If you want one of Volkswagen's fuel-efficient four-cylinder TDI diesel models, like a Golf, Jetta, Passat, or Beetle, you’ll have to wait.
Last week, the EPA and the State of California notified VW that it has violated Clean Air Act standards by using a software workaround to determine when an emissions test is being run—and allowing the engines to emit as much as 40 times as much of some pollutants during other real-world driving conditions.
And there's some evidence mounting that this may not be an issue exclusive to the U.S. market, or one entirely exclusive to Volkswagen and its brands, like Audi.
UPDATE: Volkswagen said that 11 million vehicles worldwide are affected by the 'defeat device' issue, and that the company is setting aside $7.3 billion to fix cars and cover settlements. The majority of these vehicles are registered in Europe.
VW over the weekend already halted U.S. sales of all models that are powered by its four-cylinder TDI diesel engine—the one at the center of this controversy. That includes not only new 2015-model-year vehicles but also 2016 models, which have been held at port and won’t be distributed until there’s a remedy.
The stop-sale also affects all certified pre-owned TDI models that are in dealer inventory, but it does not affect sales of other used TDI models.
In all, the issue affects the 2009-2015 Audi A4, as well as the 2009-2015 Volkswagen Jetta, 2014-2015 Passat, 2009-2015 Beetle, and 2009-2015 Golf—in all, 482,000 vehicles with the 2.0-liter four-cylinder TDI turbo-diesel engine.
VW now faces some harsh realities
And for Honda, Mazda, and other automakers who have retracted plans to bring diesels to the U.S. market, agonizing over emissions standards—specifically, meeting NOx levels without fitting a urea-injecting selective catalytic reduction (SCR) system—and 15-year, 150,00-mile (California-based) durability requirements, it could be cause for a kind of schadenfreude.
VW must now come up with a fix that will meet those durability requirements (which U.S. vehicles with the “defeat device” might not have been properly tested to); the company will almost certainly be subject to fines, and its executives could face jail time.
"I personally am deeply sorry that we have broken the trust of our customers and the public. We will cooperate fully with the responsible agencies, with transparency and urgency, to clearly, openly, and completely establish all of the facts of this case," said Prof. Dr. Martin Winterkorn, in an official statement released over the weekend.
The U.S. scandal falls at a particularly awkward time for VW, as it’s especially reliant on diesel technology, and diesels have recently seen much criticism in Europe—a market where they’ve long been popular—as well.
A global problem?
And there are some indications that while the so-called “defeat device” that the U.S. EPA has accused Volkswagen of using is specific to our market, VW (as well as some other automakers) may be using some workarounds in Europe as well.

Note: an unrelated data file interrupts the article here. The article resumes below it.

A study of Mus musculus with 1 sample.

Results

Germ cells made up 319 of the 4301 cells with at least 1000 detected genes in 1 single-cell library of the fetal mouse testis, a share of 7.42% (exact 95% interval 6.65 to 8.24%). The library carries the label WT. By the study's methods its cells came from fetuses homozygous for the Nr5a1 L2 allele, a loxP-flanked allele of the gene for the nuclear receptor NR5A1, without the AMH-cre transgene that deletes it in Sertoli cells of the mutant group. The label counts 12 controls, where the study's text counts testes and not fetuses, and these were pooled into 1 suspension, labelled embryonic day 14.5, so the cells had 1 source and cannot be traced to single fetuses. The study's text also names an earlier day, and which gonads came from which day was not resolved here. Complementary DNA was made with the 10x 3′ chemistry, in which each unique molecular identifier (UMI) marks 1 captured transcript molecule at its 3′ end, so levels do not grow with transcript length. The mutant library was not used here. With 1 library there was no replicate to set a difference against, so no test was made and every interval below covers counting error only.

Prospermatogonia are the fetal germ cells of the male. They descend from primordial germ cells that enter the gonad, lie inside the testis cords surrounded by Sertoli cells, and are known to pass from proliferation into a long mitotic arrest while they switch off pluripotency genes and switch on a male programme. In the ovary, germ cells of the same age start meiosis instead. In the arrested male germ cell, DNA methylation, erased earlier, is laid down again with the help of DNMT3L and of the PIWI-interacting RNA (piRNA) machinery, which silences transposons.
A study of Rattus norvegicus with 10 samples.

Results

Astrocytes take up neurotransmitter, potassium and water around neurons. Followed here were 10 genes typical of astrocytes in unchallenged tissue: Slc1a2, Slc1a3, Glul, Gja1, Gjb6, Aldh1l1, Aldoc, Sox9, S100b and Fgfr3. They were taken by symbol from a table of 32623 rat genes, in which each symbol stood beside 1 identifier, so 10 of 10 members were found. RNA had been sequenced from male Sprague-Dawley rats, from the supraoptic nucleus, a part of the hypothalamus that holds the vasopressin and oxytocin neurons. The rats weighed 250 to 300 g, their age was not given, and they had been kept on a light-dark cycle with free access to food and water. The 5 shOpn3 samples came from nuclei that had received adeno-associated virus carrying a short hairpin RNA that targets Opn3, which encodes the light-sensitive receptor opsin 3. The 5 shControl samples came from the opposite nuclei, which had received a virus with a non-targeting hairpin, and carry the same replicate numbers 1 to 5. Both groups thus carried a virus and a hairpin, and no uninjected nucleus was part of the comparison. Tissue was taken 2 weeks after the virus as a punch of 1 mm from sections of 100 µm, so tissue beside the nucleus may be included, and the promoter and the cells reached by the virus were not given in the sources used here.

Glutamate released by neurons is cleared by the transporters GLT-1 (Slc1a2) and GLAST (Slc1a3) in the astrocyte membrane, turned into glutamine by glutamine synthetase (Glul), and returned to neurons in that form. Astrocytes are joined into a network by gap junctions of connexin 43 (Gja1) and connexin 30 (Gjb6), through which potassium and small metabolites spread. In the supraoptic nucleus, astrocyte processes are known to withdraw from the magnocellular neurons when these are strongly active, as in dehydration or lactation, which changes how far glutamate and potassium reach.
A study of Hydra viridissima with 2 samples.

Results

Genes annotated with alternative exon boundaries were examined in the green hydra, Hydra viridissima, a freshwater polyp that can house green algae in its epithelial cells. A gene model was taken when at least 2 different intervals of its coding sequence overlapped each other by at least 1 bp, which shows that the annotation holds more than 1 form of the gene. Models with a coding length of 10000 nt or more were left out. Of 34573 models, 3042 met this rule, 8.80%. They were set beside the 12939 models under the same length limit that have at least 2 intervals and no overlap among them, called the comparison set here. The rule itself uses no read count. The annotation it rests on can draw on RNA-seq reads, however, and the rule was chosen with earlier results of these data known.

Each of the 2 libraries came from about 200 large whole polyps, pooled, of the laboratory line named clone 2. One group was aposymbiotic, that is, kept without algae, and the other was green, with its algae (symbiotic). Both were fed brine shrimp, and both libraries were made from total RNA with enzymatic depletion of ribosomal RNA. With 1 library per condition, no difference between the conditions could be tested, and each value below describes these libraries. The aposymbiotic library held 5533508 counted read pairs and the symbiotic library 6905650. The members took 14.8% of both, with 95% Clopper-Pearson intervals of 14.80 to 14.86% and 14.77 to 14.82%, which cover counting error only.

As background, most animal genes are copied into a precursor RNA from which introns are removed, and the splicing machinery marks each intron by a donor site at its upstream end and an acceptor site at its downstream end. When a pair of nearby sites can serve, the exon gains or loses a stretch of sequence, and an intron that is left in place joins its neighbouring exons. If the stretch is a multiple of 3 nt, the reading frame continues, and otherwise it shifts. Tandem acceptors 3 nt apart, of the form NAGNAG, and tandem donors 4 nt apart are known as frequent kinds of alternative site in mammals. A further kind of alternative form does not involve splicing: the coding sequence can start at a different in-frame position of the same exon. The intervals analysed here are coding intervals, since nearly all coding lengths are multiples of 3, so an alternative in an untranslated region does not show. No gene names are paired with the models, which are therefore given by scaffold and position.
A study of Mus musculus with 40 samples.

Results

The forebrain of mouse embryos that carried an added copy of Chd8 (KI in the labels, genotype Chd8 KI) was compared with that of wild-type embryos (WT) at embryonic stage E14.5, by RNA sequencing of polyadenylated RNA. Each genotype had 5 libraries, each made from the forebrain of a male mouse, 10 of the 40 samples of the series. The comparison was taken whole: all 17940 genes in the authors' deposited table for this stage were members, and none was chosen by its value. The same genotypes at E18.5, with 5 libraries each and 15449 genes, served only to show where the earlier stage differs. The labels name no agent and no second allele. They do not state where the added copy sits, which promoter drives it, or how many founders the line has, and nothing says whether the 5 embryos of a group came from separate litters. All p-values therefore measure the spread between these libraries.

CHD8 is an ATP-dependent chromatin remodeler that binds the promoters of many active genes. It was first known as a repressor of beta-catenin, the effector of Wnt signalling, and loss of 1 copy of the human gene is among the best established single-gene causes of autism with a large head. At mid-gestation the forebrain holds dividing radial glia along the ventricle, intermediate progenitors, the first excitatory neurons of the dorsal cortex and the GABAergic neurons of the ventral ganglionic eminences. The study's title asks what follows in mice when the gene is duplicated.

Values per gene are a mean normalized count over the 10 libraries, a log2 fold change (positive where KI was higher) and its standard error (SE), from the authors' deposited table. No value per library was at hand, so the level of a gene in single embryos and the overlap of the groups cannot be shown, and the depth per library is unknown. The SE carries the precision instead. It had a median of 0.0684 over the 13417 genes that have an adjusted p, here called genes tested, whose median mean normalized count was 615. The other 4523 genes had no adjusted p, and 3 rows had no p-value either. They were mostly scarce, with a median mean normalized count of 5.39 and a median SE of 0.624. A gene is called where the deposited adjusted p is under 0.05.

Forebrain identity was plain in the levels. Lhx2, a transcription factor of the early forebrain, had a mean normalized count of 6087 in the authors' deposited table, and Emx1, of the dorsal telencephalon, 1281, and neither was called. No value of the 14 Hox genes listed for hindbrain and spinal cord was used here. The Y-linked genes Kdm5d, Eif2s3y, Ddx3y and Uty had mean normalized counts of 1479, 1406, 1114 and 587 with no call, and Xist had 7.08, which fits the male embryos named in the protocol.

The workaround was found by John German, the former environmental chief for Honda’s U.S. operations but now working with a research group, with help from West Virginia University. Several vehicles were driven from San Diego to Seattle (about 1,300 miles) under instrumented testing, verifying that real-world emissions were far greater than regulations allow.
Yet it follows some mounting evidence of such an issue that's not only specific to VW. Last October, a paper from the International Council on Clean Transportation (ICCT) found that nine out of ten diesel models tested emitted NOx levels well above Euro 6 levels (the standard that European models were required to adhere to beginning September 1). The authors of that noted that “during the on-road tests, the measured NOx emission rates of the large majority of the vehicles under test were unsatisfactory.”
A recent Transport & Environment UK report showed that nine out of ten new diesel cars emit much higher emissions in normal driving conditions than when they’re being officially tested. The agency report pointed to cleaner versions of some of the same engines sold in the U.S. market, and included a recommendation for EU action that the Euro 6 regulations be modified with strict not-to-exceed (NTE) limits for all pollutants, at all engine operating conditions.
Volkswagen and Audi (and Porsche) V-6 TDI engines aren't affected by this issue, as they use an SCR system, requiring periodic refills of 'AdBlue' urea solution. But it's already anticipated that U.S. agencies are verifying that powertrain.
That report also suspected that some automakers are systematically under-dosing their powertrains with the required amount, so as reduce the frequency and inconvenience those refills (and packaging constraints due to that additional tank). So you can bet they're going to be extensively independently tested in the wake of this scandal.
diesel and AdBlue fillers in Audi Q7 TDI
“We have no idea if this is also going on in China and Europe but we definitely think the question should be asked, especially since the agencies in those places don’t have the expertise and the legal authority that they have here in the U.S.,” German said to Bloomberg.
A new, on-the-road emissions measurement for the EU standard likely won’t apply until 2018 at the earliest. By then, it’s likely that U.S. agencies will also be working to close any ambiguity and workarounds—perhaps then and only then allowing the now-bruised “clean diesel” technology to re-up its green merit badge.